Texas vs Amazon: Who won?


TEXAS -After two-years of wrangling over sales tax, in 2012, former comptroller Susan Combs reached an agreement with the on-line retailer over uncollected and un-remitted sales tax owed to the state.

In 2010, Texas sent a demand letter for $269 million in sales taxes that the state argued should have been collected and remitted for sales to Texas customers. This dollar amount covered uncollected taxes from December 2005 to December 2009 and also included penalties and interest. Amazon threatened to close a facility it operated in Irving, eliminating 119 jobs and shutting Texas out of future expansion plans.

The agreement saw the state drop its demand that the e-commerce giant pay $269 million in back sales taxes in exchange for Amazon agreeing to collect state sales taxes beginning July 1, 2012. The Seattle-based firm also got incentives to create jobs and make capital investments statewide.

Three years on, a much-watched deal to settle a sales tax collection dispute between Texas and Amazon.com appears to have benefited both sides, according to an analysis published Sunday August 9, 2015 by The Austin American-Statesman.

The Statesman used Texas comptroller’s office data to show that collecting sales taxes from Texas residents on Amazon purchases added hundreds of millions of dollars to state coffers. Meanwhile, Amazon told state officials this summer that it had 3,500-plus Texas employees and had made $300 million in capital investment statewide through the end of last year — exceeding benchmarks set as part of the agreement.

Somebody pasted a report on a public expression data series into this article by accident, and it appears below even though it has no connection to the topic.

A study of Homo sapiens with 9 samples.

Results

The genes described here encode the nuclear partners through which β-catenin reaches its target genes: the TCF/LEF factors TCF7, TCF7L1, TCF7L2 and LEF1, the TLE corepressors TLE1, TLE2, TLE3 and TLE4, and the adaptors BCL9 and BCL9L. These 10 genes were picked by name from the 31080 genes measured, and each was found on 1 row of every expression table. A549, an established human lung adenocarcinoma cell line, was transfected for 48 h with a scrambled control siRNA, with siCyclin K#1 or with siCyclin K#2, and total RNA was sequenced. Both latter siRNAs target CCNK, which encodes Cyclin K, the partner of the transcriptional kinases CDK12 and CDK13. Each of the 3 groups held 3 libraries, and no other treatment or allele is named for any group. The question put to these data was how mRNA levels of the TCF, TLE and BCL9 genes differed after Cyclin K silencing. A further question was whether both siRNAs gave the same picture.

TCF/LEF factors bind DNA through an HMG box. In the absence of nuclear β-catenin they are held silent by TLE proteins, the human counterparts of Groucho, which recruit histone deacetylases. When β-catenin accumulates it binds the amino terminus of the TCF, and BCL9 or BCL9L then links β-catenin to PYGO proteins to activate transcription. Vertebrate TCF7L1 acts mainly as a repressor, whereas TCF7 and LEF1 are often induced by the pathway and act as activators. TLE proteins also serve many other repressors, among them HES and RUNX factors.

The Texas-Amazon deal is a great example of how negotiating with state taxing jurisdictions on existing contested issues can benefit both sides. The Texas-Amazon deal is a case that future businesses can look too when needing to resolve pending issues with various state taxing authorities. This is basically a great outcome and a win-win for everyone involved, said Chanel Christoff Davis partner at Davis & Davis LLC 

According to the current Texas comptroller Glen Hegar stated, “I believe Texas benefited from the deal with Amazon. The agreement meant Amazon began collecting and remitting taxes to the state, which the comptroller’s office felt were legally due, the agreement also allowed Amazon to start building warehouses and to greatly expand their physical presence in the state, which was largely beneficial to the economy.”

About Davis & Davis LLC – Sales Tax Experts: Headquartered in Dallas, Texas, Davis & Davis LLC – Sales Tax Experts specializes in sales/use tax audit consulting and audit defense. Our team of consultants is comprised of former Big 4 sales tax consultants and state sales tax auditors. Each of our consultants has 15 to 20 years of experience, providing our clients with access to a highly specialized team of sales/use tax professionals. At Davis & Davis we are committed to maintaining the highest standards in our talent pool. We work hard to meet our clients’ needs by ensuring that you view our firm as an extension of your company and a member of your team.